House Passes Bill Banning Abortion After 20 Weeks

WASHINGTON - The House of Representatives voted this evening to pass legislation to ban abortion after 20 weeks, except in what Democrats assailed as "narrow" cases of incest of a minor, rape, and health of the mother, prompting a partisan debate on the House floor as lawmakers grappled over the question of how soon a fetus is able to detect pain in the womb.

The bill, H.R. 1797 - Pain-Capable Unborn Child Protection Act, passed by a vote of 228-196. Six Republicans opposed the measure, while six Democrats crossed the aisle to support it.

Republicans contend that a fetus is capable of detecting pain well before the current cut-off for abortions, at 24 weeks.

"These aren't just fetuses, science now tells us that they can feel pain. These babies are just like the ones we see in Neonatal Intensive Care Units in hospitals in our area struggling for life, needing love," Rep. Joe Barton, R-Texas, said in support of the bill. "This law will protect children."

"As a republic founded on the notion of the inherent right to life of every human being, we have an abiding responsibility to ensure that the innocent and most vulnerable are adequately protected from the gravest and most appalling of injustices, especially murder," Rep Mike Kelly, R-Pa., added. "That is what today's legislation seeks to accomplish and I am proud to grant it my complete support."

Democrats, on the other hand, called the legislation an assault on women's reproductive rights and an attempt to override the Supreme Court's 1973 ruling in Roe. v. Wade.

"It is unconstitutional, and it is dangerous to the health and safety of American women," Rep. Zoe Lofgren, D-Calif., said. "It's a direct challenge to Roe v. Wade when the Court held that prior to viability, abortions may be banned only if there are meaningful exceptions to protect a woman's life and health."

"Republicans have repeatedly demonstrated a lack of understanding about basic women's healthcare, and this bill is just one more example of their continuing attack on women's rights," Rep. Dina Titus, D-Nev., added during debate on the bill. "It is a step backward for women's health."

Although the bill passed, its path to the floor was rocky at best. Last week during a mark-up in the Judiciary committee, Rep. Trent Franks, the lead sponsor of the legislation, said that "the incidence of rape resulting in pregnancy are very low." Franks later said that what he meant was that "pregnancies from rape that result in abortion after the sixth month are very rare."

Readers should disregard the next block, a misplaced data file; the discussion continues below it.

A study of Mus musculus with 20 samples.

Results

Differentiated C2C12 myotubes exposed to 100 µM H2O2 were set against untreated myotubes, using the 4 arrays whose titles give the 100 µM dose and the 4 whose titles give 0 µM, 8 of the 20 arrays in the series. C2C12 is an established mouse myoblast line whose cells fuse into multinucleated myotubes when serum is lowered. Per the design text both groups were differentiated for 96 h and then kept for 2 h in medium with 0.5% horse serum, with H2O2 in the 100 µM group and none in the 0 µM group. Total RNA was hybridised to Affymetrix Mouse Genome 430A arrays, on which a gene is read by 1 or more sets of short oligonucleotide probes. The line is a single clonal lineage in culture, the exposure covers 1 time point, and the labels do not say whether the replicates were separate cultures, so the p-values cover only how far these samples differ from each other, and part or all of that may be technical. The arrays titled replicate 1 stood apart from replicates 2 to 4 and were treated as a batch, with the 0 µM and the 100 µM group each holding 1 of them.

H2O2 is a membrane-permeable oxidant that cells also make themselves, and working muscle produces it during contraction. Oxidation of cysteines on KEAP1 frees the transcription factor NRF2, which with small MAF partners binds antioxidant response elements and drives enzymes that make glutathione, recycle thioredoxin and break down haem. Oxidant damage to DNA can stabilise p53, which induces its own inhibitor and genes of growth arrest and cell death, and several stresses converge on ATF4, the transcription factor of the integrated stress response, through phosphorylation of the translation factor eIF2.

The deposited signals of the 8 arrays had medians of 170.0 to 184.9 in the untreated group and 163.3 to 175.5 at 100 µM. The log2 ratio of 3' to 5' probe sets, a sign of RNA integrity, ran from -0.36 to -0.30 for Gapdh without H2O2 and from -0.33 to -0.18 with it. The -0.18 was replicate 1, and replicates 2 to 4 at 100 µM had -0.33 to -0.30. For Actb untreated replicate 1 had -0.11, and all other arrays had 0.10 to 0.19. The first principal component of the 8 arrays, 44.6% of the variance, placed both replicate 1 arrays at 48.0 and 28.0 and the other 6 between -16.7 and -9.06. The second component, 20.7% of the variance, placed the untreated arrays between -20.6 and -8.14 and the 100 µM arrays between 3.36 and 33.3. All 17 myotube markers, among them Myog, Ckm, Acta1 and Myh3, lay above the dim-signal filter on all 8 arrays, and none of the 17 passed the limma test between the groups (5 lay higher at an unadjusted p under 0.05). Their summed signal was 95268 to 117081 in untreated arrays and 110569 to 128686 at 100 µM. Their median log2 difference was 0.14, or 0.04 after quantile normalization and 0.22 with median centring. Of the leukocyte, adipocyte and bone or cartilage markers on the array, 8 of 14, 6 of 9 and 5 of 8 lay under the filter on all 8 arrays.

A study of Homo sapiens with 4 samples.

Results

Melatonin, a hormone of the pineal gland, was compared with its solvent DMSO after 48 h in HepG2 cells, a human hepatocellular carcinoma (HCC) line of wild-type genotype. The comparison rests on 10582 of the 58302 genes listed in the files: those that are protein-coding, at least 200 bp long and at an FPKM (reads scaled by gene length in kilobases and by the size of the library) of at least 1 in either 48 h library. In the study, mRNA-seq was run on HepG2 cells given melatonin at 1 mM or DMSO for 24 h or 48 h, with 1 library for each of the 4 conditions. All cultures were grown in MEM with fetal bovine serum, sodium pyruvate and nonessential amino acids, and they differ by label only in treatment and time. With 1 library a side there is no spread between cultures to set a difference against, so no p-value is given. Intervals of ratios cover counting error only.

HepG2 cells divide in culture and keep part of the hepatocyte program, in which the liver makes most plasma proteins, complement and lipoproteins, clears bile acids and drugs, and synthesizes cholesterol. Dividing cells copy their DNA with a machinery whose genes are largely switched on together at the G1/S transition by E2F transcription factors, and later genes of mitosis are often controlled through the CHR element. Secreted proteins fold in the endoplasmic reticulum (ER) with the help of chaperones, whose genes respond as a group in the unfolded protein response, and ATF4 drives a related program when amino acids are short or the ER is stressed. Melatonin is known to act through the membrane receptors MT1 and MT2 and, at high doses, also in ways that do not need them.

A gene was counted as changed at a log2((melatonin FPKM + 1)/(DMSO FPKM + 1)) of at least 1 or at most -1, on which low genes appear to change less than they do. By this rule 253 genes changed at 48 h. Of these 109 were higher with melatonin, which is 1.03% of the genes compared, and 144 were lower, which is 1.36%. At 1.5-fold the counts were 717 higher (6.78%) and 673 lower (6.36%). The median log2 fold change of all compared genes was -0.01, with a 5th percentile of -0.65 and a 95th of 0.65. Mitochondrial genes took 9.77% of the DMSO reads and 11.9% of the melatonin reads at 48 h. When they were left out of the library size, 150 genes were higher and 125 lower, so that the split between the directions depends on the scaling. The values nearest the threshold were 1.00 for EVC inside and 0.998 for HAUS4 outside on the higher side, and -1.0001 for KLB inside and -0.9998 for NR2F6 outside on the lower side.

Still, House Republican leadership decided that Franks would not manage debate on his legislation, and tasked Rep. Marsha Blackburn, a former member of the Judiciary committee, to oversee the GOP's floor debate.

Today, Franks called the bill "very truly and simply a deeply sincere effort" to protect "both mothers and their pain-capable unborn babies."

"Passage of today's landmark bill marks the first time in history, in either chamber of the U.S. Congress, that affirmative protection has been extended to unborn children," Franks, R-Ariz. said after the bill passed. "It is my prayer that today also marks a day when America finally opens her eyes to the humanity of these little victims and the inhumanity of what is being done to them."

The bill was also tweaked after the committee markup to allow exceptions for rape and incest of a minor. Those changes led some of the most conservative Republicans to abandon support for the bill.

"As a medical doctor, I believe it is my duty to protect children at all stages of life," Rep. Paul Broun, a Senate hopeful who removed himself as a cosponsor of the legislation after the changes were added to the bill, said in opposition to the legislation. "I am extremely disappointed that House Republican leadership chose to include language to subject some unborn children to needless pain and suffering. I will not support legislation that harms innocent children, and I will continue in my efforts to protect all unborn children by making abortion illegal at all stages of pregnancy."

The legislation stands no chance to pass the Democratic-controlled Senate, and the White House had vowed that the president would veto the bill had it reached his desk.

"Women should be able to make their own choices about their bodies and their health care, and Government should not inject itself into decisions best made between a woman and her doctor," read a statement of administration policy Monday. "The Administration is committed to the protection of women's health and reproductive freedom and to supporting women and families in the choices they make."

The six Democrats supporting this legislation are Reps. Henry Cuellar (Texas), Dan Lipinski (Illinois), Jim Matheson (Utah), Mike McIntyre (North Carolina), Collin Peterson (Minnesota) and Nick Rahall (West Virginia).

The six Republicans opposing the bill are Reps. Paul Broun (Georgia), Charles Dent (Pennsylvania), Rodney Frelinghuysen (New Jersey), Richard Hanna (New York), Jon Runyan (New Jersey) and Rob Woodall (Georgia).